The Supreme Court on Tuesday asked the Centre to verify if Jammu and Kashmir’s administration has sent any communication to the ministry of home affairs for restoring 4G mobile internet services in the Union territory.
This fact was brought to the top court’s attention by the petitioner, NGO Foundation for Media Professionals, in an affidavit filed in response to the Centre’s reply on the petition.
The three-judge bench, headed by Justice NV Ramana, asked the Centre to verify this fact and posted the case for August 7.
Attorney General KK Venugopal appeared for Centre.
Meanwhile, the J-K administration has also sought time to file a response to petitioner’s affidavit.
The petitioner has alleged contempt of the top court’s May 11 order claiming that the Centre has not reviewed the 4G restrictions as no order has been placed in the public domain.
The Centre had filed an affidavit last week claiming that it was not possible to restore 4G services for the present but left it to the UT administration to decide.
A communications blackout and a lockdown were imposed in J-K in August last year as part of measures to prevent protests against the Centre’s move to divest the region of its special status. Most of the restrictions have since been eased even as the mobile internet remains restricted.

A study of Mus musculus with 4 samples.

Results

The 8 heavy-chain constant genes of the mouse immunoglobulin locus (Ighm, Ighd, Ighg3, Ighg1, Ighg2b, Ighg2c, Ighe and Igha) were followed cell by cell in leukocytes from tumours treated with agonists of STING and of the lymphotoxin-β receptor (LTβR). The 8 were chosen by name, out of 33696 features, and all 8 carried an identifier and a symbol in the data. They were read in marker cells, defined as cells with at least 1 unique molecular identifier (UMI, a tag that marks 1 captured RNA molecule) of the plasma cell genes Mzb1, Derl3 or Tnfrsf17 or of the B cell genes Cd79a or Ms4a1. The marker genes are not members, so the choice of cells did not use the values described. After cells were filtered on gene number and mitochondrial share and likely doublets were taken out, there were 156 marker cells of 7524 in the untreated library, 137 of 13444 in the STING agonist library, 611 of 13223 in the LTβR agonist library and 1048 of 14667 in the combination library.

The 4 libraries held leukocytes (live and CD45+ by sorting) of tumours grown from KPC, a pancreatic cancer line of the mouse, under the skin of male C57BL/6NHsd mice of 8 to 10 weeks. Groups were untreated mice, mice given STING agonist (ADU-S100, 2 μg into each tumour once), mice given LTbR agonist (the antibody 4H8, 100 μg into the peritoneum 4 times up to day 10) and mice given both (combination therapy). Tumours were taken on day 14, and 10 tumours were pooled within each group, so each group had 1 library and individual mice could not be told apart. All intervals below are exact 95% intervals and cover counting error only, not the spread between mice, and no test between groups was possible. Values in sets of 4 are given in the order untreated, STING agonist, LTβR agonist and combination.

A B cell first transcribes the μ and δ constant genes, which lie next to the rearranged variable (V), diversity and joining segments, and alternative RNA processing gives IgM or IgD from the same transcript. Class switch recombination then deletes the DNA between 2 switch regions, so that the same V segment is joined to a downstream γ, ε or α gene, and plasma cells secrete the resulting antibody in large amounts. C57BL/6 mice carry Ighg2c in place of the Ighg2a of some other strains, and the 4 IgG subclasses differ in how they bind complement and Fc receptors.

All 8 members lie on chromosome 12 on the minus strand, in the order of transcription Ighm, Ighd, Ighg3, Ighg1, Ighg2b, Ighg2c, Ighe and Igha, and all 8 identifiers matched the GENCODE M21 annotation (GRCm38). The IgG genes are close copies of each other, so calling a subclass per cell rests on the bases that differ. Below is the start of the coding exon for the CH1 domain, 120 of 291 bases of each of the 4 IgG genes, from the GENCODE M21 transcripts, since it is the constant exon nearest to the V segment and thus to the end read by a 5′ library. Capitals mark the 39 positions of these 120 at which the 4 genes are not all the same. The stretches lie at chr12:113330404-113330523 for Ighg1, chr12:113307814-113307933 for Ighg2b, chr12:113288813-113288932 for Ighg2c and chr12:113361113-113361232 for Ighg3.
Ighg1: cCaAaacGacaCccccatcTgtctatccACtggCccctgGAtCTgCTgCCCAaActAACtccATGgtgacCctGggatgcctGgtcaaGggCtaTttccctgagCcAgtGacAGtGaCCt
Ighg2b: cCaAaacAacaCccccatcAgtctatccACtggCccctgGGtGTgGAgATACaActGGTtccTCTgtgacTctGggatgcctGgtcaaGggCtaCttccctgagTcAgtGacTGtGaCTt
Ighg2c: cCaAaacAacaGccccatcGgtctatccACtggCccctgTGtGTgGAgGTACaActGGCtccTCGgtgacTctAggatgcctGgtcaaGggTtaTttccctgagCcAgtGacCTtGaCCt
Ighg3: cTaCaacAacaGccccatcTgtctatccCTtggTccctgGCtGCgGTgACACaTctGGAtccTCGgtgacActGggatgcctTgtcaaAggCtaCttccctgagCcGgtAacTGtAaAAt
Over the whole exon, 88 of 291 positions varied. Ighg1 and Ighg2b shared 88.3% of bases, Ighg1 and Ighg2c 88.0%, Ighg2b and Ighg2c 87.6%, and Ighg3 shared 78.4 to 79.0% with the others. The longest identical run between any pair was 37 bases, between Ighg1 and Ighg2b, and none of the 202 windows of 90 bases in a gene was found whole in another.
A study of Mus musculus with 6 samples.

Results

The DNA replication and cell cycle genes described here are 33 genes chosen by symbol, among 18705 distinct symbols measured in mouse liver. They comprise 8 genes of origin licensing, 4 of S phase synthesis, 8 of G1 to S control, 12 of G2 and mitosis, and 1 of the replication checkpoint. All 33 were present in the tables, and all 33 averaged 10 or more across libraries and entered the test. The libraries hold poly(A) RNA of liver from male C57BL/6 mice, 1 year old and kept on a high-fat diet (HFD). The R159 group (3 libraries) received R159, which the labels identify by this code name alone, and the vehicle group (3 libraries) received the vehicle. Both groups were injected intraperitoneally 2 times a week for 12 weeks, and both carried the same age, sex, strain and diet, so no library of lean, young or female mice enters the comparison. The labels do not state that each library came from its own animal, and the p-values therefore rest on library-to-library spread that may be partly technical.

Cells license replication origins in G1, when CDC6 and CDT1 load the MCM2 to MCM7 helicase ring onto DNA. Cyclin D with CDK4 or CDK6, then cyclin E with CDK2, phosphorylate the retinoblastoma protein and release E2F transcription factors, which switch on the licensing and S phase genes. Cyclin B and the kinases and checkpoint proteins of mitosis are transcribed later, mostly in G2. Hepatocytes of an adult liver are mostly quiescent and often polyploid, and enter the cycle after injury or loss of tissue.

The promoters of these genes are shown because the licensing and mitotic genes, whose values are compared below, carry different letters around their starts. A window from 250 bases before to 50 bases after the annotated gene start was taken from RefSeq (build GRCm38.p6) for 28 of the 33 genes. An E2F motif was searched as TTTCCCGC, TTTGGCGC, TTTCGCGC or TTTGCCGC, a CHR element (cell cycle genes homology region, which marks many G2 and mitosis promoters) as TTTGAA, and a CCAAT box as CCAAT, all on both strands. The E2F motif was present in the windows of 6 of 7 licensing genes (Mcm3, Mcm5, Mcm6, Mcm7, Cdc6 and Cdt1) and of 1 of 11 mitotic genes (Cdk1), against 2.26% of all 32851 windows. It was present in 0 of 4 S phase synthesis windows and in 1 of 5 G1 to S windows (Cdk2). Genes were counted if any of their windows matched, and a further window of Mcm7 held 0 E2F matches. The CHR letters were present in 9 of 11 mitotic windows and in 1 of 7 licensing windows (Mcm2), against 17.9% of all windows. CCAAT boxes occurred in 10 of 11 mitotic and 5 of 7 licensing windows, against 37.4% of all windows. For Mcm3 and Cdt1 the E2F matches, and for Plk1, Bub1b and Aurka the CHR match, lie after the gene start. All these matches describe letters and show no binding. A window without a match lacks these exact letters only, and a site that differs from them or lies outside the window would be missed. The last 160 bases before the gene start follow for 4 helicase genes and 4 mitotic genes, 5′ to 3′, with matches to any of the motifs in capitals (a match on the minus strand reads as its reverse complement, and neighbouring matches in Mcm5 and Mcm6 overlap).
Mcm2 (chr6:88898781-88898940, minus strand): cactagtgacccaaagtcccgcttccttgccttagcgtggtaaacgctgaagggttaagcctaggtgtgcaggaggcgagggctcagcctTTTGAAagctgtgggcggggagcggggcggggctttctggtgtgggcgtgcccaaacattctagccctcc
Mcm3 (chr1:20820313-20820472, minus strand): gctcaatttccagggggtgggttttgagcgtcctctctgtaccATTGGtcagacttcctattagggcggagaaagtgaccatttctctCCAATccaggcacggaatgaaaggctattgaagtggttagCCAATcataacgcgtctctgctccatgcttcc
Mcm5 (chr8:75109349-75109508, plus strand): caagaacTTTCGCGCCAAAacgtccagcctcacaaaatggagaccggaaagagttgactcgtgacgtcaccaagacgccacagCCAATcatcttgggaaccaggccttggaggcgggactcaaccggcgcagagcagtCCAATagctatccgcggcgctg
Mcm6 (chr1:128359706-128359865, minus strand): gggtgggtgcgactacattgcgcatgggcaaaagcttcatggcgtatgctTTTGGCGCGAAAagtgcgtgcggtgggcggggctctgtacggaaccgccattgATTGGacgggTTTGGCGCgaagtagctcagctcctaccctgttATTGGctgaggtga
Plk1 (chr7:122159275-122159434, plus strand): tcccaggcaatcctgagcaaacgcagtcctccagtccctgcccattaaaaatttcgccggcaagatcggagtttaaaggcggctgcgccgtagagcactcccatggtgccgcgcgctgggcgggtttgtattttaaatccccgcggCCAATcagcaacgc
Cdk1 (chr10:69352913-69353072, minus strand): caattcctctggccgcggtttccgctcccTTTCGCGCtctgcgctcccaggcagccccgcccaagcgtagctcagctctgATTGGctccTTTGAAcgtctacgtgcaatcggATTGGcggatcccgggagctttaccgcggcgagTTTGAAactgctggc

The Centre has throughout claimed that 4G restoration is not feasible as terrorist activities are on the rise. Currently, J-K only has 2G internet service.
The May 11 order was passed after the NGO in April challenged restriction on mobile internet speed to 2G.
The NGO sought restoration of high-speed 4G internet services saying patients, doctors, and the general public were unable to access the latest information, guidelines, advisories and restrictions about Covid-19 pandemic because of the restrictions.
It pointed out slow internet speed makes telemedicine, or online consultation, impossible.
The Supreme Court on May 11 refrained from passing directions to restore 4G services and instead constituted the committee comprising high-level government officers, including the Union home secretary, to take a call on the matter.
The committee was asked to examine the necessity to allow faster internet in certain geographical areas.
The Centre told the court the committee was constituted by virtue of the May 11 order and no separate notification was required. The committee met on May 15 and sought further inputs before taking any decision.
It again met on June 10 and decided not to relax the restrictions, the Centre said.